US Orders Embassy Employees to Leave Iraq Amid Iranian Threat

TELESUR

The U.S. State Department has ordered the pullout of the employees from both the U.S. Embassy in Baghdad and its consulate in Erbil, the embassy said in a statement.

“Normal visa services at both posts will be temporarily suspended,” it said, recommending those affected depart as soon as possible. It was unclear how many staff would leave.

The pullout of its non-emergency personnel from Iraq is a precautionary move in light of what Washington claims is a “credible and possibly imminent attack” by Iranian-backed groups in the Middle Eastern nation.

On Tuesday, the U.S. military reaffirmed concerns about possible imminent threats from Iran to its troops in Iraq, although a senior British commander cast doubt on that and Tehran has called it “psychological warfare.”

U.S. President Donald Trump’s administration has stepped up sanctions pressure by ending waivers for some countries to purchase Iranian oil – part of efforts to roll back the Islamic Republic’s expanding regional clout.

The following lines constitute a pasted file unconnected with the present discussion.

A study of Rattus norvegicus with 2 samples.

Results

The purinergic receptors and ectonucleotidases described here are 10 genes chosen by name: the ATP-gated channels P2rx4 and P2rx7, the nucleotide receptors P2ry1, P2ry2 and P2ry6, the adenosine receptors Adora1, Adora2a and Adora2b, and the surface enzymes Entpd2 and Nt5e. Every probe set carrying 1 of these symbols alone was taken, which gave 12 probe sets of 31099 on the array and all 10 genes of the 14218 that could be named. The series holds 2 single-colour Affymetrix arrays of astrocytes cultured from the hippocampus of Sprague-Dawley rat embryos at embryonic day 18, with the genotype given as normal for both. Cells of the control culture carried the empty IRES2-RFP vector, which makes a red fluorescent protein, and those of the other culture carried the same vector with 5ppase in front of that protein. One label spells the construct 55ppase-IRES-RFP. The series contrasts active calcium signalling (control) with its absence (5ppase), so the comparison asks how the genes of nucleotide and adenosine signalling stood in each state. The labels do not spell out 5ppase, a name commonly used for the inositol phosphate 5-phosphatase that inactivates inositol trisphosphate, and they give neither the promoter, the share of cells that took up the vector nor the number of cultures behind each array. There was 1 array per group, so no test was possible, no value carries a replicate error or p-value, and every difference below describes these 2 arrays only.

Iraqi Prime Minister Adel Abdul Mahdi said on Tuesday he was getting indications from talks with both the United States and Iran that “things will end well” despite the rhetoric.

Iran released a statement earlier this week saying that they were not seeking war with the United States, nor were they planning to launch any attacks against their forces.

Washington has sent additional military forces to the Middle East, including an aircraft carrier, B-52 bombers and Patriot missiles in a show of force against what U.S. officials have said is a threat to its troops and interests in the region.

A senior Iranian Revolutionary Guards commander has said Tehran would retaliate against any aggressive U.S. moves.

A U.S. State Department spokesman said the decision to withdraw non-emergency staff was based on a security assessment, but would not give details on how many personnel were leaving.

“Ensuring the safety of U.S. government personnel and citizens is our highest priority and we are confident in the Iraqi security services’ (ability) to protect us,” he said.

“But this threat is serious and we want to reduce the risk of harm.”